The Hand Talks

Kicking 2020 to the curb – what our clients think

17.12.2020 by The Hand

Breathe (through your mask of course)… you’ve almost made it!  2020 is almost behind us, and for many, that will come as a huge relief. It’s been really tough, but we’ve also adapted and learned a lot. And whilst we may all feel a little bruised, it’s worth taking the time to reflect on the things that 2020 has taught us and the issues it has raised, which will no doubt shape the way in which we’ll work for years to come.

 

Speaking to clients over the last couple of weeks, there are definitely a few areas that have prompted much discussion and debate.

Adapting to working remotely
Sentiment around this has been pretty unanimous. On the whole, agencies we’ve spoken to have been surprised by how quickly they adapted to working remotely. Agencies rely heavily on collaborative work on a daily basis with projects requiring brainstorming, feedback, and wrap up sessions. But by using new tools and imagination, doing this remotely has become more normalised. Many agree that experience from the first made the second lockdown much easier to handle from this perspective.

Is a studio environment best for creativity?
This one has been a hotly debated topic. Many creatives have expressed the need to be in a collaborative physical space where they can bounce ideas off others and share work. And concern has been voiced about younger designers not having face to face access with colleagues sharing ideas and concepts. But there is also a counter view for this. Many agencies have embraced remote collaboration tools and feel that, with more emphasis on better communication, it is possible to create a highly creative virtual environment. Understanding the needs of each individual within the team and tailoring support to this has been a real success factor in this. Within this though, there’s been an acknowledgement that in order to make this work successfully, new working practices need to be created- it’s not enough to just replicate what you do in-person virtually. In this area, it seems there’s no one size fits all, and so agencies will need to think about the working environment moving forwards.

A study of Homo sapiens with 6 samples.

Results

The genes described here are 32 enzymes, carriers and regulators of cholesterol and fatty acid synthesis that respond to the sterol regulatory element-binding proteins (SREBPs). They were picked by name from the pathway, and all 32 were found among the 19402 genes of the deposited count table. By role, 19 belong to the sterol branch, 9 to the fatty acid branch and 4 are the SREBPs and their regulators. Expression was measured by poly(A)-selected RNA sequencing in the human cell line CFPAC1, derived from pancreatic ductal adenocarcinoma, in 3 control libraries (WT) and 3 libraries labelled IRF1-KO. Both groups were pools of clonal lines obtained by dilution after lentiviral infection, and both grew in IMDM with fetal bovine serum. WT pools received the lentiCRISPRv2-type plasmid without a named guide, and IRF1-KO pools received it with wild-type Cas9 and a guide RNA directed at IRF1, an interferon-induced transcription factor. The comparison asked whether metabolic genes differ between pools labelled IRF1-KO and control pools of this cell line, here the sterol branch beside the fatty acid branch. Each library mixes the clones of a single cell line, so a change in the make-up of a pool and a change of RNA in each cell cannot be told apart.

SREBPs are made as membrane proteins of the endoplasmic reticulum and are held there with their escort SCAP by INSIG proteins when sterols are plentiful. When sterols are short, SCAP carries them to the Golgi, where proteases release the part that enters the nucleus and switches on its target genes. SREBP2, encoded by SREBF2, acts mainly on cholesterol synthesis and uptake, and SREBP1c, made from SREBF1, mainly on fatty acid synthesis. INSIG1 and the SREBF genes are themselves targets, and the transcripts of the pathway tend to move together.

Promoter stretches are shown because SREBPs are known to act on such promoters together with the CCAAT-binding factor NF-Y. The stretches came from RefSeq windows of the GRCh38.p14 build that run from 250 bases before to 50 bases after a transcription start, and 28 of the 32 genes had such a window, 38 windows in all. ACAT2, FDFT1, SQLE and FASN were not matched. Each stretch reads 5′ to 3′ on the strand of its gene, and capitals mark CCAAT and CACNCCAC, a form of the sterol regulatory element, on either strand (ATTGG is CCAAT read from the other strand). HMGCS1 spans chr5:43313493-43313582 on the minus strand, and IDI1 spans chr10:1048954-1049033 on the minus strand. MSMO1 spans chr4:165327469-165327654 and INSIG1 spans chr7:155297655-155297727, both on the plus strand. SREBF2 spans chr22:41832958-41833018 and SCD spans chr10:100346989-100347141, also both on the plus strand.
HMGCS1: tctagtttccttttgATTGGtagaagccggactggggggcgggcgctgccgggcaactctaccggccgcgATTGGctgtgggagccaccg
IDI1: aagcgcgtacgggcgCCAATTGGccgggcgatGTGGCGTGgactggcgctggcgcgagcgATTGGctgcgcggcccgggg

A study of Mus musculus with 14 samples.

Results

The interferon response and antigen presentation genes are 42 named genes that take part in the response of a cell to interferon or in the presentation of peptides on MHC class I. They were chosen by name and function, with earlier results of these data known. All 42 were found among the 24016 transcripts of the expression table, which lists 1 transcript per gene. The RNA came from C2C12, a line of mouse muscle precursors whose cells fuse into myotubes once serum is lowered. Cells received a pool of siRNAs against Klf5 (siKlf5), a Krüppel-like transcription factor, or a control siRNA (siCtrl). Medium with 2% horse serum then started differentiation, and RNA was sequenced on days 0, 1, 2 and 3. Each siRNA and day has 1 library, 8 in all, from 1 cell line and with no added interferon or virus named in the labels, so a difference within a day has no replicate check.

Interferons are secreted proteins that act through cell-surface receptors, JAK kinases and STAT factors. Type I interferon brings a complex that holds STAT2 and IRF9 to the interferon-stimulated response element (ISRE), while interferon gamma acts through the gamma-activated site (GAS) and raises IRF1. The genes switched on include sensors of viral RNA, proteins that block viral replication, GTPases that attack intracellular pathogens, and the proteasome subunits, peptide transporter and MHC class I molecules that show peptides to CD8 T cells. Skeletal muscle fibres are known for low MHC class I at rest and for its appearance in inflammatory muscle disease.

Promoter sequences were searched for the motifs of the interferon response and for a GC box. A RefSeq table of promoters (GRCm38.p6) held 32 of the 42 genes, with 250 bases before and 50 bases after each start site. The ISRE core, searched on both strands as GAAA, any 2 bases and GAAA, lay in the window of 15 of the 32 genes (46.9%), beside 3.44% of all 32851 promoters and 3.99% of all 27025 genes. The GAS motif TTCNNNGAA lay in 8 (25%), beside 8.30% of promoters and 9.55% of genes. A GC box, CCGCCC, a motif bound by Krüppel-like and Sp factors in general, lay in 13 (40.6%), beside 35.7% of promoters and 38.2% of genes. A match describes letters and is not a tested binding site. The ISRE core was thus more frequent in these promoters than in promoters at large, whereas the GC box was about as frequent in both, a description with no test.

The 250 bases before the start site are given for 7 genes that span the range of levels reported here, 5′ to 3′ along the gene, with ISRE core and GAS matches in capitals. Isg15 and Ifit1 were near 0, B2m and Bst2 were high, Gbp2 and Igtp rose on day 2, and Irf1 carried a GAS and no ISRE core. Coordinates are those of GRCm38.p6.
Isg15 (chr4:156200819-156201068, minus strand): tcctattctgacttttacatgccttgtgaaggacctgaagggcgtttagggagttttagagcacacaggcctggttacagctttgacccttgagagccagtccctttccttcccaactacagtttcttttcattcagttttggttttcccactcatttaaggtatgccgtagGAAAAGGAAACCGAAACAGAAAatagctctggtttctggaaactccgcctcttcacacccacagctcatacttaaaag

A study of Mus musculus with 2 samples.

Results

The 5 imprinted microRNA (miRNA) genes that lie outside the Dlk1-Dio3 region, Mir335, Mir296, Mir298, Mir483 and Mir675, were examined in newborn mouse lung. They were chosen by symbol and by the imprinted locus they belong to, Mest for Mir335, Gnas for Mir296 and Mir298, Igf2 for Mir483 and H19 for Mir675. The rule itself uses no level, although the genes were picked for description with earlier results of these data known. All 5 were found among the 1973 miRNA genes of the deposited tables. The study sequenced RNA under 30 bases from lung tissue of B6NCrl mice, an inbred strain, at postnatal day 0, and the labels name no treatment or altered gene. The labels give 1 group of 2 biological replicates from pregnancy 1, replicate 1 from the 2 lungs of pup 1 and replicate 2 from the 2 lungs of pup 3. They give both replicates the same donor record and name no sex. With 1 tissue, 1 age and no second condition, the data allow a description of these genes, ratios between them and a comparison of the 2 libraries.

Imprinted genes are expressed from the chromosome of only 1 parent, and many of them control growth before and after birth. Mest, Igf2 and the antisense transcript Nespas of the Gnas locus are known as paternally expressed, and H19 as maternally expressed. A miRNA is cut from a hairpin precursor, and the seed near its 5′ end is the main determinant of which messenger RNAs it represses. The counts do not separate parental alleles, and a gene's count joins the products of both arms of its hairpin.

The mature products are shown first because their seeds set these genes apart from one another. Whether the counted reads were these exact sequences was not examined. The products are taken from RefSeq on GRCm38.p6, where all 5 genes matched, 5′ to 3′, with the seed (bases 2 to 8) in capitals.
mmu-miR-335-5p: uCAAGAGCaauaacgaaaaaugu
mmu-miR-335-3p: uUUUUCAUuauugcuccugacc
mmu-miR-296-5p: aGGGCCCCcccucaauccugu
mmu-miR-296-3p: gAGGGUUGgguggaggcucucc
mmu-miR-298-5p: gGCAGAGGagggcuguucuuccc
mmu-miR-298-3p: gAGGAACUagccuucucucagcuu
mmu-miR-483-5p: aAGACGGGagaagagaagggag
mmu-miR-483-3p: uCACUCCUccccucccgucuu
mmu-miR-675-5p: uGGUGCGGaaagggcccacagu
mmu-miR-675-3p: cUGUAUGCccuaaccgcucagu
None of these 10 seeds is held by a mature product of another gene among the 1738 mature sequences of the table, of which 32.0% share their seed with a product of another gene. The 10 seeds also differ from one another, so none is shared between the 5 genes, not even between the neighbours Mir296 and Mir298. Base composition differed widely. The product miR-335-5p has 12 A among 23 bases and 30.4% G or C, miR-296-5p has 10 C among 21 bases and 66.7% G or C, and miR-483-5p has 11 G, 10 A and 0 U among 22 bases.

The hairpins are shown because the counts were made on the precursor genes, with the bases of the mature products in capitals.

Work life balance
On the whole, those we’ve had conversations with felt that there have been some really positive outcomes for better work life balance. Without the spectre of a daily commute or late nights in the studio, it seems that many have used this time to exercise, spend more time with family and take time for themselves. That can’t be a bad thing, right? On the client service side, some did express a concern around burnout and acknowledged the need to adopt a different approach to meetings so as to avoid Zoom overload.

Productivity
It seems that for many agencies, productivity has been up. Working remotely has given employees more accountability over deadlines and has let them manage their own time a bit more. For many creatives, this has allowed them to work within their creative and productive windows rather than enforced studio hours. There’s also been a sense of less time wasted travelling to work and to meetings.

Client relationships
Many feel that relationships with existing clients during this year has felt closer and more personal.  That sense of ‘we’re in this together’ has, for many, created better partnerships.  Bizarrely, some clients feel more supported as they have more regular access to their agency (and different expertise within it) through Zoom calls than in person meetings.

So, from a year of complete uncertainty, there have certainly been some interesting themes emerging.  And it’s these areas that could be a real catalyst for positive change and will help to shape the agencies of the future.  We’re sure to see many more hybrid models, more flexibility, a greater call for work life balance (we hope) and a review of how we can best serve our clients.

At the end of the day, creative work is all about solving problems.  And so, it’s really not surprising that agencies have adapted extremely well in such difficult circumstances.  We think they’ll continue to do so and we’re cautiously optimistic about what next year holds.